Butterflies, roots and endings that (don’t) suck.

By Georgia Katakou, UWCM
April 8th, 2018

In many ways, the brief nature of the residential aspect of UWC is a big part of its appeal. It’s a spark that concludes our teenage years and pushes us into adulthood. By the time the spring rolls around, most of us have grown comfortable with life on our small island and before you know it, we are (literally) forced to move out. That act of detachment is part of growing up. Graduation is an arguably violent thrust into reality and while it seems scary and certainly heartbreaking, I think we should consider it as something more than just the end. As cliché as it may sound, this end will be also a beginning, and there is certainly something exciting about the opportunity to go someplace new.  After spending almost two years here, there is the danger of becoming complacent, getting a bit too comfortable and maybe that is why it’s necessary to move on.
Recall the summer before your first year in UWC. For me at least, it was equal parts excitement and apprehension and my stomach was in a perpetual state of “butterflies”. And if you fast forward  two years ahead, many late night talks later, I hope that you discover that a similar new beginning is awaiting you. Even for the DP1s, our departure signifies a time that you get to spend only with your year group, a time for bonding like no other. It is a time that teaches all of us how fluid and ever-changing our reality can be and how we should value the time we have with each other. And we can simply turn our eyes to the adults in the community to realize that while separation is scary, graduation is not as final as we imagine it. How many times have you heard talks of 3rd and 4rth years, shared amongst house parents and staff? Those generations have graduated, maybe with the fear that we share right now, the fear of leaving no mark in our campus, of being forgotten. But you will find the feeling of continuity and remembrance wherever you look. From artworks hanging in the common rooms to talks with teachers that dreamily recall “that one student some years ago”, we should realize that leaving does not equal erasure.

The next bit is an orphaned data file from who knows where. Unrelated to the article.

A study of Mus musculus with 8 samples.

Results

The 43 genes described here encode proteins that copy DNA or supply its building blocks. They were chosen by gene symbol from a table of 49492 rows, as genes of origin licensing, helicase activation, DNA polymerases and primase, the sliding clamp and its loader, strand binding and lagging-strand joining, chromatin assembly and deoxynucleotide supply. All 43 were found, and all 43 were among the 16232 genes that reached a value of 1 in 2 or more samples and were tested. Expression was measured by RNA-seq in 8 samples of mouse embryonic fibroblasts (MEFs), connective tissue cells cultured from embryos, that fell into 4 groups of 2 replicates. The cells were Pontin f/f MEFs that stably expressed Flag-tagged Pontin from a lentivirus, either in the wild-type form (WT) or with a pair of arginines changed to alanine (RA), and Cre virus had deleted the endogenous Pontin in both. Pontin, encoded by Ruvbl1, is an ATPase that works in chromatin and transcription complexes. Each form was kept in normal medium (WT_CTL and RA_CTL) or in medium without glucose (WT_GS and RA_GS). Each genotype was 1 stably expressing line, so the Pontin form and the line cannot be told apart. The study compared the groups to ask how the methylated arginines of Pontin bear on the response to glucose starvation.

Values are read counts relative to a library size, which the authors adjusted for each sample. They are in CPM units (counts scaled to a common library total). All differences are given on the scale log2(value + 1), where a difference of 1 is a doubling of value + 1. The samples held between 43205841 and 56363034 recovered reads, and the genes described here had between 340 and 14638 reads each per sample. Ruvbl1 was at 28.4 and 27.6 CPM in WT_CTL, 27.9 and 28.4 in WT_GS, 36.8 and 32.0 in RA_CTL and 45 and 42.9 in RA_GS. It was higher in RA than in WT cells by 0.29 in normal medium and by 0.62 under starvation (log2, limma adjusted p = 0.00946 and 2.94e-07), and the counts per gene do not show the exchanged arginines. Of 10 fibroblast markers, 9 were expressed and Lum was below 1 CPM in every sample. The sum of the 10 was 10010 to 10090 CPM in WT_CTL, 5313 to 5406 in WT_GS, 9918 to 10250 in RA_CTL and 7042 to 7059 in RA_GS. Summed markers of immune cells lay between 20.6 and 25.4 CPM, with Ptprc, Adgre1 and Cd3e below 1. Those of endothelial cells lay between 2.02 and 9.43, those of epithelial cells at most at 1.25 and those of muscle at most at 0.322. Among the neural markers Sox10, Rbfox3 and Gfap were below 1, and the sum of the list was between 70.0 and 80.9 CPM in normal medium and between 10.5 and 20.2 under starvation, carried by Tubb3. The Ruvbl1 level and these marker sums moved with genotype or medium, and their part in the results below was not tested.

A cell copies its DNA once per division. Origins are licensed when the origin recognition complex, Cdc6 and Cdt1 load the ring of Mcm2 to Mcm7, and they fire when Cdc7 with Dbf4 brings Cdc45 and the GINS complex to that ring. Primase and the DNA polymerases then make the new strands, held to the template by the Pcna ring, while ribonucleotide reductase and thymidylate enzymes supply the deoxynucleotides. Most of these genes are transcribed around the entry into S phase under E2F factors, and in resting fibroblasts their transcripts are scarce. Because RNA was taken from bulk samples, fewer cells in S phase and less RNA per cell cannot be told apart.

We have all grown roots in the people that surround us and I believe that we will always be able to follow those roots back to the people we shared moments with. Our everyday reality has been shaped by the individuals here, no matter how significant or insignificant we perceive our relationship to be. Friendships on campus, in the brief two years we spend here, often are complex. You can not get to know everyone deeply while you are also trying to pass IB, organize a conference and attempting to not sleep through every first period. But after we leave, spreading across the globe, we have the freedom to follow the roots we have created back to our friends, and make new ones. Maybe the ever-repetitive “you have a home in every corner of the globe” is not fully true but still, we do have ties to people in (almost) every continent. Even with those that you argued with over pushing deadlines or floor cleaning, those that you only shared casual greetings with, they are still there for a coffee and a talk whenever you pass by.
In reality is our choice whether we choose to live the clichés we hear about post-graduation life or not. And there are many paths that UWC graduates tend to follow in a similar fashion. Some demonize their time here and move away from their experience and some tend to idealize every moment and every memory. The meetups, the returns to one or the other UWC campus to volunteer in an event, the trips around the world to meet your co-years, the instant connection with any other UWC graduate, no matter when they graduated or from where, all those are choices. We can choose if we want to live in a post-UWC cloudy heaven where everything was perfect and our life is now an extension of that, we can erase the memories or allow them to be impactless recollections.
Endings suck. In literature, in movies, in real life, we very often despise endings for how they make us feel. But radically, this particular one doesn’t suck that much. And while I am not trying to persuade you that everyone’s experience here has been amazing, I do believe that all of us are a bit scared of the impending final bow. In reality, we are just moving out of the island and into the world, a world full of people that, no matter how little we interacted with during our time here, will always share the same feeling of butterflies that we recall the memories of our UWC years with.